A man is visited by his future self, who has travelled through time to warn him that he absolutely must not marry the love of his life.
That’s Quentina Elizabeth Dervil, known to everyone as Q.
I loved watching them fall in love. Because it felt so real. Two people meeting, talking about this that and everything, their lives so naturally coming together …
That pulled me right into the story.
And that’s why I was infuriated when the unnamed narrator’s future self and insisted that the pair could not marry. His argument was good, but oh how I wanted to find away around it.
And the trouble is, once you have taken the advice of a future self once, any number of future selves will arrive from different periods and different paths taken to offer advice on every life choice you could think of.
It was a joy to watch the dialogues between one man and his future selves, packed full of facts, intelligence and wit. And a tour de force by the author, making one rather neurotic writer recognisable at so many different stages of life.
It was wonderful and infuriating at the same time.
I wanted to intervene. To point out what was really important in life. But I couldn’t!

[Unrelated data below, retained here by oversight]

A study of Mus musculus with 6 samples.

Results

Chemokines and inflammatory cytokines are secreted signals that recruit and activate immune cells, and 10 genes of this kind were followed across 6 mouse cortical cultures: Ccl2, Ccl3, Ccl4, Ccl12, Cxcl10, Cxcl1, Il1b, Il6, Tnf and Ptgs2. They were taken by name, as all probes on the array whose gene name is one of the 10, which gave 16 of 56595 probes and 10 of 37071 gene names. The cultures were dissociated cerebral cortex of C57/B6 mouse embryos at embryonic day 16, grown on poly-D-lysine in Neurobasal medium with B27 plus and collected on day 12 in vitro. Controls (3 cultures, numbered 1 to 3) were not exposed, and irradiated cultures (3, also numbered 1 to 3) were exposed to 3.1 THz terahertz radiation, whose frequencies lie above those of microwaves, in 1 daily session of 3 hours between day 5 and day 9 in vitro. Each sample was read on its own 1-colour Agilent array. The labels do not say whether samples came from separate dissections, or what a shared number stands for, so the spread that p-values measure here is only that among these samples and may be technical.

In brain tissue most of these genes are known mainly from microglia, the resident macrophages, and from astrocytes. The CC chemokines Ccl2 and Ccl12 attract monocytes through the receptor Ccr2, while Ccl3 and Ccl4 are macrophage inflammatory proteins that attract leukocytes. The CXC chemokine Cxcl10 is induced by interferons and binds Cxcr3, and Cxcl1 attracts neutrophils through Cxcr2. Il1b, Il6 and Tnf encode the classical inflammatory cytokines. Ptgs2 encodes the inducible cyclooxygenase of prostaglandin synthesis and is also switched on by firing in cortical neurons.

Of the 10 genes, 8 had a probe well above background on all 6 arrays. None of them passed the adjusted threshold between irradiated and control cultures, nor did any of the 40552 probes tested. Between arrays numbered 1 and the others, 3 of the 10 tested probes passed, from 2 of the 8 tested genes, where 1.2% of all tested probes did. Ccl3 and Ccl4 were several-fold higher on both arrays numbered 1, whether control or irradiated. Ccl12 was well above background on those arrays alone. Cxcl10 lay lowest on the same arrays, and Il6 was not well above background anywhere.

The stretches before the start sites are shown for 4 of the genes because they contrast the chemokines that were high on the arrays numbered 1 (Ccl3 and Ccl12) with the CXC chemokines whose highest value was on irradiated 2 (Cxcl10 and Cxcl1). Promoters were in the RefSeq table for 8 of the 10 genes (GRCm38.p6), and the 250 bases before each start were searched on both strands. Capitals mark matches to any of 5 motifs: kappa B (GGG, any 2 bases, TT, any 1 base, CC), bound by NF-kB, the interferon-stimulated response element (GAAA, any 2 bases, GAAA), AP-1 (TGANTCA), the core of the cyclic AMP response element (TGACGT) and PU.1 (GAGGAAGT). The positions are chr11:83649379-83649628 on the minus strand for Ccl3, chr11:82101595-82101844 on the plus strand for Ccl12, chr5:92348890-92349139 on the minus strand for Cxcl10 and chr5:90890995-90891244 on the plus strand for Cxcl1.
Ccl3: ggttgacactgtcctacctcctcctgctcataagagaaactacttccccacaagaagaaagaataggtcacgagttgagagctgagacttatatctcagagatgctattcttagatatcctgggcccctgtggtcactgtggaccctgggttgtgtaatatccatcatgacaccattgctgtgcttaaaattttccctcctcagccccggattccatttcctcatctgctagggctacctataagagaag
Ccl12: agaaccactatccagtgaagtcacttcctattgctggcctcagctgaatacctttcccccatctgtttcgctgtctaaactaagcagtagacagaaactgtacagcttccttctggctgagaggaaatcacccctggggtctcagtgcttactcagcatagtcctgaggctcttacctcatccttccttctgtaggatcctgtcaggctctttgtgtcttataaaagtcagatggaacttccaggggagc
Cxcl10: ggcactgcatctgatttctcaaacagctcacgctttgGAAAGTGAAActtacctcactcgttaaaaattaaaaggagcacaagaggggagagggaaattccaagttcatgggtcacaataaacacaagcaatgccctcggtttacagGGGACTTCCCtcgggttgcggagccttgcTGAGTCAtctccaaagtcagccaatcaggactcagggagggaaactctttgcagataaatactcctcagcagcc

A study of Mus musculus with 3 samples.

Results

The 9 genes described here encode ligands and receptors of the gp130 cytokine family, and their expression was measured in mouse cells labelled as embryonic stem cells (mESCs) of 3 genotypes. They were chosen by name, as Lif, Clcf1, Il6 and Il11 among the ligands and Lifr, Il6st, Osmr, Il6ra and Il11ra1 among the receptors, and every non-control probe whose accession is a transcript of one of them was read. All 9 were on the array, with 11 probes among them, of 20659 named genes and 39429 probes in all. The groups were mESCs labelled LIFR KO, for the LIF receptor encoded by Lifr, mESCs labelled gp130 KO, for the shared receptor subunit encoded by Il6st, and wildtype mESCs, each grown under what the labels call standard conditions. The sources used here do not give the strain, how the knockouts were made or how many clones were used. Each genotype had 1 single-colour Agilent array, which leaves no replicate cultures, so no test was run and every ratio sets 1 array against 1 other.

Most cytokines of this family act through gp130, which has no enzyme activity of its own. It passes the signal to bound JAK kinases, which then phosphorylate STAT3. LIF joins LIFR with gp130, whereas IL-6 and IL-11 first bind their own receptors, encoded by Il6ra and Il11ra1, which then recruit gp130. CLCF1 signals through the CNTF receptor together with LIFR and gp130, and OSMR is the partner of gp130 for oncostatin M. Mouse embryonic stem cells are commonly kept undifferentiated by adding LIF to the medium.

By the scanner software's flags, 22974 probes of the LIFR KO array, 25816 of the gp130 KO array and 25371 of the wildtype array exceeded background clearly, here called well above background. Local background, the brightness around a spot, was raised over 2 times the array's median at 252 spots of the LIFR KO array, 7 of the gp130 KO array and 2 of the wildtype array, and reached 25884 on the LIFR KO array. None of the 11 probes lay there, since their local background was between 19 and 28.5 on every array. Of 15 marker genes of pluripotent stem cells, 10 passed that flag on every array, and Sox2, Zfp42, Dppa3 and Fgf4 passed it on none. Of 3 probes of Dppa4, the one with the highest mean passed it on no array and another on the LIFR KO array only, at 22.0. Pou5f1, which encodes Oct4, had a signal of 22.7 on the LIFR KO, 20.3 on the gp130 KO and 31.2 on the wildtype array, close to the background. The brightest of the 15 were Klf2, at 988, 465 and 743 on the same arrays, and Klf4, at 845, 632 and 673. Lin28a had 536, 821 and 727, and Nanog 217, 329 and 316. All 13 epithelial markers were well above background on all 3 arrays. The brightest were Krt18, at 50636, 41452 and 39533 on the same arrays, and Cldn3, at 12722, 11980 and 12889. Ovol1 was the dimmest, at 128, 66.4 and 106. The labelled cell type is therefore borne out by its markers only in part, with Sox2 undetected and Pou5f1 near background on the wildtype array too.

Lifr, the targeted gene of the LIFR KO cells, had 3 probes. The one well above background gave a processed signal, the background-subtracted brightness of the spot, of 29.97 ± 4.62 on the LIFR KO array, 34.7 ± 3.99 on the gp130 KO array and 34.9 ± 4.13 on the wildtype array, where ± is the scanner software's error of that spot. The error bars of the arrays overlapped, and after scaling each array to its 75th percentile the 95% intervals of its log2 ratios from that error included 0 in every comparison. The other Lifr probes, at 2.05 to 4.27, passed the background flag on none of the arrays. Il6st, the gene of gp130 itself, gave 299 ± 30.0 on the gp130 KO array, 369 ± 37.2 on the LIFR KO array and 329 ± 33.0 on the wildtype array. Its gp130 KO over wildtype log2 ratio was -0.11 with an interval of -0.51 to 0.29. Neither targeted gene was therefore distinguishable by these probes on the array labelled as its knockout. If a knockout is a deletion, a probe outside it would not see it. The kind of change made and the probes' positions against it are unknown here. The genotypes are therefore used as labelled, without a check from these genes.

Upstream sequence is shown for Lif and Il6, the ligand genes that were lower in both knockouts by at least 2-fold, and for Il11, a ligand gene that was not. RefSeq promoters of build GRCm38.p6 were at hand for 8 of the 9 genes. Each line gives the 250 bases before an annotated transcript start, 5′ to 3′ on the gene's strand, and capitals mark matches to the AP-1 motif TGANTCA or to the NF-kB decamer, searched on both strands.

Many of the details of time travel were glossed over, but there were enough details there to sell the concept. Very clever!
The writing is lovely, allowing the story to move forward on a cushion of clever ideas and cultural references.
It gets a little lost sometimes when the story’s unnamed hero paises to ponder life, love, his novel … but it soon finds itself again whenever he has someone to talk with.
Those dialogues, full of warmth and wit, are a delight.
And, just as I was wondering how on earth all of this could be brought together, it was. Perfectly.
This really is a novel for both head and heart.
And I might not have written about it too coherently, but I can only think of one more thing to say – I loved Q!
Not necessarily rational, but that’s love for you!